The Bible on Gender Identity

image uploaded by Frances Osborne Austin TX
The Bible on Gender Identity

My UU Church is officially a “welcoming church,” something I am enormously proud of.  I don’t think I’d ever be a member of any church or congregation that wasn’t a welcoming church.  I just roll that way.

But until recently, I think that just meant for us that we accepted gay people and gay relationships.  With the addition of a new developmental minister and his ministerial intern, I believe my UU church has broadened its definition and focus regarding transexuality, gender identity, and fluidity.

The ministerial intern is highly active in trans issues — something I immediately noticed when she used the term “cisgender.” Not a term widely known about, but one that I was recently introduced to and was incorporating into my vocabulary.  Learning about these issues is very new to me and I am in that awkward phase where I’m still kind of old school about the binary gender identification — I like to categorize people one way or the other — and alternatively understanding and accepting that people can be anywhere on the spectrum.  And that spectrum is probably both a choice and a biological issue? (I don’t know — would have to find out!  Would welcome someone discussing it with me!)

Any ways, I am on that fulcrum of accepting and embracing people on the spectrum, and yet being befuddled and confused when interacting with people on the spectrum.  Because my need to categorize the person kicks in.  What pronoun do I use and if I am not sure, is it okay to ask? Is it okay to be confused? How do I be respectful and is there a “one way” to be respectful or do I have to go through a unique process with each person to determine respectful behavior?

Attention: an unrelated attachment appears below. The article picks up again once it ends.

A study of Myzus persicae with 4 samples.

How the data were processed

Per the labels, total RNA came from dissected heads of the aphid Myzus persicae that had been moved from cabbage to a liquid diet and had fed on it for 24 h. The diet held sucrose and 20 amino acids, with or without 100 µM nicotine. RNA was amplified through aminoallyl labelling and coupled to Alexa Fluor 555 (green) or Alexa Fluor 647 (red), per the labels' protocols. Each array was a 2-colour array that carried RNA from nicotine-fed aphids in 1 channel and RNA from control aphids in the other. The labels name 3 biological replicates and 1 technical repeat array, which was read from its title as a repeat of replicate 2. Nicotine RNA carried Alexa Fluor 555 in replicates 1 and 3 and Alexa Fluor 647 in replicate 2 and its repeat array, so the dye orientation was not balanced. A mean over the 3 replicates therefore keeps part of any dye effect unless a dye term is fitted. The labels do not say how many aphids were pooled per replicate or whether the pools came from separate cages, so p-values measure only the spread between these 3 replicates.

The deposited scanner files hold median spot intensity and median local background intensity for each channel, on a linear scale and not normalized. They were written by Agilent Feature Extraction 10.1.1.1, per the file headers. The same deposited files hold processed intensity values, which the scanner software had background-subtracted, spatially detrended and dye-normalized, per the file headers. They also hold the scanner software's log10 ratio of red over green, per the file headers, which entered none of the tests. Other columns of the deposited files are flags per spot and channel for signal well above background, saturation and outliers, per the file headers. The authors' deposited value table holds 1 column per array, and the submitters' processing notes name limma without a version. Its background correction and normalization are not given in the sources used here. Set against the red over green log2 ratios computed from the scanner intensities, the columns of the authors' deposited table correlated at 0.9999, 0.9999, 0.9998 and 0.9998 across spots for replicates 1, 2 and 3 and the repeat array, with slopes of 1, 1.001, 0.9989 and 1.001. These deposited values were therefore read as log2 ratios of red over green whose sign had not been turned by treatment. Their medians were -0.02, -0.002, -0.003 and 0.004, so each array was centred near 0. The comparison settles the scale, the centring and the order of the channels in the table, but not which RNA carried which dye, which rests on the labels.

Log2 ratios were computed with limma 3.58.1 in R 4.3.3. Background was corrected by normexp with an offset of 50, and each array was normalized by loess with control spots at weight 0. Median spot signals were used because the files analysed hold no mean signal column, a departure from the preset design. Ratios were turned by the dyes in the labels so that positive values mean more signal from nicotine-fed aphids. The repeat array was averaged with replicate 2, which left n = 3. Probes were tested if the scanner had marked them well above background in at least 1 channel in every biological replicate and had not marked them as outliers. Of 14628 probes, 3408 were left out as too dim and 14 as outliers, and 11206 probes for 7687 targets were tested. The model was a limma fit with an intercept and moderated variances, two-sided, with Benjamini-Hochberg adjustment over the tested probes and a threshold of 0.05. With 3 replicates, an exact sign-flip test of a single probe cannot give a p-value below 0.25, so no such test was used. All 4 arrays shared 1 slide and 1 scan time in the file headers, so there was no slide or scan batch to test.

My church’s ministerial intern has introduced our congregation to a lot of her friends. I found myself interacting with one of her friends in a way that I am not very proud of.  I looked at this person and just blurted out, “I’m so glad you are here, so glad to meet you, but I am getting mixed signals on your gender!!” After saying that, I felt bad! Ashamed and out of sorts with myself.  Because perhaps I wasn’t living up to my UU values???? Wasn’t “accepting”? (And does “accepting” mean “not saying anything?” another question for another time perhaps).

So what I did was go “confess my sin” to the ministerial intern.  Oh I was so devastated with myself and so hard on myself and so in doubt with myself about my acceptance of people in all their forms and all their fluidity and all their spectrum!!!  (This is an example of what I term “UU Guilt” which is probably yet another blog post!!!)

Later the intern had a lovely conversation with me about this and wanted to work with me about how to handle situations that confused me.  She was worried about me — but I was not worried at all about myself, I was more worried about her friend. Because my supreme value and trait that I care about most in myself is caring about how the other person feels.  I did not wish her friend to be offended, hurt, feel unloved or unwanted, or somehow questioned. Her friend was totally welcome there and my own reaction and confusion was entirely my own.

Further Reading: http://www.apa.org/topics/lgbt/transgender.aspx

Postscript: I just realized that I started off by mentioning what The Bible has to say about gender, and then never pursued it….so maybe a more in depth topic for the next post???